As things stand, Kirk Cousins will be the Minnesota Vikings quarterback in 2022. New head coach Kevin O’Connell and general manager Kwesi Adofo-Mensah made that much clear in O’Connell’s introductory press conference.
The Vikings are saying the right things about their veteran quarterback, but do they have a choice? Cousins’ contract is about as iron-clad as they come, so even if O’Connell and Adofo-Mensah felt otherwise, Minnesota may not have a ton of options.
The Minnesota Vikings are committed to Kirk Cousins, for now
“Well, I know he’s under contract and I’m excited to coach him,” O’Connell said of Cousins, according to ESPN. “We’ve already started thinking about how we’re going to build those systems for him and our other quarterbacks and really the tremendous skill group that we have, our guys up front. It takes all 11 to move the football on offense, to run it, to throw it, to score points in the red zone. But I’m anticipating Kirk being a part of what we do.”
That’s an endorsement from O’Connell but it’s not the strongest statement in favor of Cousins.
The 33-year-old quarterback is in the final year of a fully-guaranteed $66 million contract. Sure, he’s largely considered to be an upper-echelon NFL quarterback, but he hasn’t been able to lead the Vikings to the promised land to this point. He’s a decidedly average 33-29-1 in four seasons, and he’s led the Vikings to the playoffs only once.
With only one year left on his contract and with a new regime in town, is Cousins really the long-term answer for Minnesota?
At least for now, the Vikings are saying yes.
“We’re focused on building the team around him to set us up to succeed the best we can,” Adofo-Mensah said of Cousins.
Do the Vikings have many choices but to stick with Cousins?
Cousins is a holdover from what the Vikings hope is an era of football that’s firmly in the past.
The problem for Minnesota is that the previous regime, head coach Mike Zimmer and general manager Rick Spielman, obviously really liked Cousins. That, or they were terrible negotiators.
Either way, Minnesota signed Cousins to a fully-guaranteed contract back in 2018 and then gave him a two-year extension in March of 2020 that came with $66 million guaranteed.
He’s in the final year of that extension and will be owed $35 million (his base salary) if he’s on the roster come March 19th, 2022. He’ll also count $45 million toward Minnesota’s salary cap, which is the third biggest 2022 cap hit league-wide, just behind Matt Ryan ($48.6) and Aaron Rodgers ($46.6).
Both of those players have league MVPs to their names, mind you, with Rodgers boasting four.
To recap, the Vikings have a new leadership regime but are stuck with a good but somewhat underwhelming quarterback who will take up 21.43% of their salary cap in 2022. That’s not even mentioning that the Vikings are expected to enter the league year almost $15 million over the cap.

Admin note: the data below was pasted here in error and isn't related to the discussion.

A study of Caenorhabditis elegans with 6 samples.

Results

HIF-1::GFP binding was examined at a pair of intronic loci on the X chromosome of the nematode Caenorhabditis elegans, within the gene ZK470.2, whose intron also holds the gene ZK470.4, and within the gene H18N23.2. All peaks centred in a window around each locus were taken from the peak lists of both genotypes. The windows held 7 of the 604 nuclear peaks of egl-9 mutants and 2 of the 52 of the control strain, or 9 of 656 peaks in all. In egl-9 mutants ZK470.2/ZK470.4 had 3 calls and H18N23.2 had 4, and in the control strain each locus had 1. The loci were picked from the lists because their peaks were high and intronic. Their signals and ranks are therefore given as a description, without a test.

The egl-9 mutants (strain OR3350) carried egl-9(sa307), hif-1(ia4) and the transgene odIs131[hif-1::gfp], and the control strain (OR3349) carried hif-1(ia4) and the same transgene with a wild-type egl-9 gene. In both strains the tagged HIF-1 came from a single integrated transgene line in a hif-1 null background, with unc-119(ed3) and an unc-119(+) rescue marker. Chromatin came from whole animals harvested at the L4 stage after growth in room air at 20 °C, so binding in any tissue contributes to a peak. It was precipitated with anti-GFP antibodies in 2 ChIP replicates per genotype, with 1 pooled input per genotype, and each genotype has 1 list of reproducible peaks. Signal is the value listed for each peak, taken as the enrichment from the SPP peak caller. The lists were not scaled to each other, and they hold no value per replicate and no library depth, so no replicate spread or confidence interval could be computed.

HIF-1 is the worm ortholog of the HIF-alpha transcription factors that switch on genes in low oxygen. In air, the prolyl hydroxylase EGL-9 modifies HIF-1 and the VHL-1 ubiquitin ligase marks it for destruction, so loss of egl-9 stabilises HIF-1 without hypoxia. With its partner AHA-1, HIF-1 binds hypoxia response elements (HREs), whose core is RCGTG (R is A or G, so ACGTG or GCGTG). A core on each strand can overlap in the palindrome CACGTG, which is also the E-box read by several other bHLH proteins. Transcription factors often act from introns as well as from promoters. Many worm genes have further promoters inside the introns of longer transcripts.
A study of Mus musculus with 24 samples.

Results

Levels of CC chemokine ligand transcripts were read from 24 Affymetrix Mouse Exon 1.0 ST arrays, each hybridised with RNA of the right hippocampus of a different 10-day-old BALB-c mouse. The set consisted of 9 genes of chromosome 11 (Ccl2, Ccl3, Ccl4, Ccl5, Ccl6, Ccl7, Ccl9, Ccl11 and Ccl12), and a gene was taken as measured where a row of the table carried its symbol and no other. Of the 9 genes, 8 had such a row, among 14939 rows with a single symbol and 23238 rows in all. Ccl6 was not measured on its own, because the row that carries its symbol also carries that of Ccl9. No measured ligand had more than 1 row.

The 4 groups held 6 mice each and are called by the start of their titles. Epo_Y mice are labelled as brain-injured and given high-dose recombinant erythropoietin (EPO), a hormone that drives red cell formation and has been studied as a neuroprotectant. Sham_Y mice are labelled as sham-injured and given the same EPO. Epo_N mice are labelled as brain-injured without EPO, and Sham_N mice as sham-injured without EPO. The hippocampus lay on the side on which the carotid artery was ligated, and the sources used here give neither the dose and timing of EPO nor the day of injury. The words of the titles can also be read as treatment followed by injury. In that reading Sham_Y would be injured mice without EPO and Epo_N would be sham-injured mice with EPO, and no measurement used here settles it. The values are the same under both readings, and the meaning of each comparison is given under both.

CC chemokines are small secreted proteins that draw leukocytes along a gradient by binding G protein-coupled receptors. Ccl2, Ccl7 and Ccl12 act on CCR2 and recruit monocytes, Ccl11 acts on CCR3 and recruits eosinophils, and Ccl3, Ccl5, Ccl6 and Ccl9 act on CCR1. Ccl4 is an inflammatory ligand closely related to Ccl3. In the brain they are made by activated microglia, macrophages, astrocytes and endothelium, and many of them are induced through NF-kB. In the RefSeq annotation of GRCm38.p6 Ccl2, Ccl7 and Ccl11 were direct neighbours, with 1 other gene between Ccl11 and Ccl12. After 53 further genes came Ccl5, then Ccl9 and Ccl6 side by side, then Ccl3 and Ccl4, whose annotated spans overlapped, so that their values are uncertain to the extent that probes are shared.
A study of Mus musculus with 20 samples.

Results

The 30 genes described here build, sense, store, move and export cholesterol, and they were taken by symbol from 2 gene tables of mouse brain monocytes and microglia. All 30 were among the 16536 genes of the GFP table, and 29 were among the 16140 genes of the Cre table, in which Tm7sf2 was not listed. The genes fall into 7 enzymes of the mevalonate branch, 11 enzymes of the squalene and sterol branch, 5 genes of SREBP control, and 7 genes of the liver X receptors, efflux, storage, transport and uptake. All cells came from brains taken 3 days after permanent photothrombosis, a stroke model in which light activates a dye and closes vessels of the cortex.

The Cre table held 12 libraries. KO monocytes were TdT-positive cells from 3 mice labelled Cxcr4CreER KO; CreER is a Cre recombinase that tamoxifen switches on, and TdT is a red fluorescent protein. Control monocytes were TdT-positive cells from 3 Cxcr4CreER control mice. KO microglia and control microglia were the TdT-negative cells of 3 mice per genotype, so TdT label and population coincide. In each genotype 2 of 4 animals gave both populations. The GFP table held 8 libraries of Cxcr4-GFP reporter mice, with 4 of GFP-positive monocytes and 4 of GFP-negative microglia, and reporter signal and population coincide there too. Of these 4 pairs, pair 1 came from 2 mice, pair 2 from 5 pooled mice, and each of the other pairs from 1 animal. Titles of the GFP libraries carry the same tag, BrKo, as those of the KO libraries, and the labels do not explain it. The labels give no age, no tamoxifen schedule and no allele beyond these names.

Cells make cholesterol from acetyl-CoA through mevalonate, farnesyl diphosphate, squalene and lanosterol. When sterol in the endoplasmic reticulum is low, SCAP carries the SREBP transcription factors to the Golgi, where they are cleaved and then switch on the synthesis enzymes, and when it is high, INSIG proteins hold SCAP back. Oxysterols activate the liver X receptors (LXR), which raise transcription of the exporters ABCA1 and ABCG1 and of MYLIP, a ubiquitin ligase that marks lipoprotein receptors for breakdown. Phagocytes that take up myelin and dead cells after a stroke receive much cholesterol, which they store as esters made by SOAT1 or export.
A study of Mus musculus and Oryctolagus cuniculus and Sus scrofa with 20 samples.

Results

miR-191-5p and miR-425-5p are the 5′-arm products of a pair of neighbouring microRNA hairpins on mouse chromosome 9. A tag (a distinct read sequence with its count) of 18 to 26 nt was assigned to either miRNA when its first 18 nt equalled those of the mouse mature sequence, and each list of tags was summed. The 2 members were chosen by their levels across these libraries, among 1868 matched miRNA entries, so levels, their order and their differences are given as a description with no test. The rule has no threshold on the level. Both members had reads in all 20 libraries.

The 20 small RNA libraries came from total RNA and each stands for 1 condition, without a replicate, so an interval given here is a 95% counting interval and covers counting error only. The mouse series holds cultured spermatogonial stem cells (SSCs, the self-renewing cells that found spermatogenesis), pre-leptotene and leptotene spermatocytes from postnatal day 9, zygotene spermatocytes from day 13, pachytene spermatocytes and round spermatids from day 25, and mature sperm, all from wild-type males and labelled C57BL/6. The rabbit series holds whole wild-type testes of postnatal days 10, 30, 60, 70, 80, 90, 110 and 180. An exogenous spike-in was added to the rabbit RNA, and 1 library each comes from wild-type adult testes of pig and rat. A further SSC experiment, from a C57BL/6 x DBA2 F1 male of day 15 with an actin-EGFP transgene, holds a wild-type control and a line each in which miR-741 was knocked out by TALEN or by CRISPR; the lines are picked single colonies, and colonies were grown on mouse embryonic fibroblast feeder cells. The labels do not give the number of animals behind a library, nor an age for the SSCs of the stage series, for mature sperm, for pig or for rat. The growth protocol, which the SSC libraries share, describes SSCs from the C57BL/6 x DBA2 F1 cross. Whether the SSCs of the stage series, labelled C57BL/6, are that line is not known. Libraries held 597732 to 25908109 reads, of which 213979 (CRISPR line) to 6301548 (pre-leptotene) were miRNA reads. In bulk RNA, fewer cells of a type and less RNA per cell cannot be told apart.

The issue for Minnesota is that outside of a trade, the Vikings are hamstrung by Cousins’ contract. If the Vikings can trade Cousins before June 1st, his dead cap number will be only $10 million and the Vikings can save $35 million. The issue is that fact alone kills his trade value because any potential trade-partners know what the Vikings would be saving if they can trade him before June 1st.
Why would they give away that leverage without sending back an underwhelming trade package in return?
It’s really a lose-lose for Minnesota.
2022 could be Cousins’ last season in Minnesota
A lot of times, when a new regime takes over an organization, they want to go find “their guy” at quarterback. The Vikings saw that play out in Green Bay just a few years earlier. Despite having Rodgers, Matt LaFleur, Brian Gutekunst, and the Packers drafted Jordan Love in the first round of the 2020 NFL Draft.
O’Connell and Adofo-Mensah are first-timers in their respective positions. It would make sense if they wanted to find their hand-picked quarterback to lead them into the future. As we’ve now covered, though, even if they wanted to move on from Cousins, they’re really stuck because of the way his contract is laid out.
The thing is, at least for this season, that’s not a terrible thing.
O’Connell could do much worse than having an upper-echelon veteran quarterback in his first season as a head coach, and it’s worth remembering that Cousins has quite an arsenal around him. Justin Jefferson is a top-five wideout, and Adam Thielen and Dalvin Cook can be elite when healthy.
Even if Cousins is not “the guy” the Vikings want at quarterback in the near future, he can be a good holdover in O’Connel’s first year.
Maybe there’s an intriguing quarterback prospect the Vikings want to take a flyer on in the mid-rounds of the 2022 NFL Draft, and Cousins can be a valuable mentor for that player. There’s also the 2023 offseason to look ahead to. Sure, Cousins will be a free agent, but so will be players like Kyler Murray, Lamar Jackson, Derek Carr, and Baker Mayfield.
The point is this: Even if the Vikings don’t want to continue with Cousins in 2022, they kind of have to at the moment.
That won’t be the case in 2023 and beyond.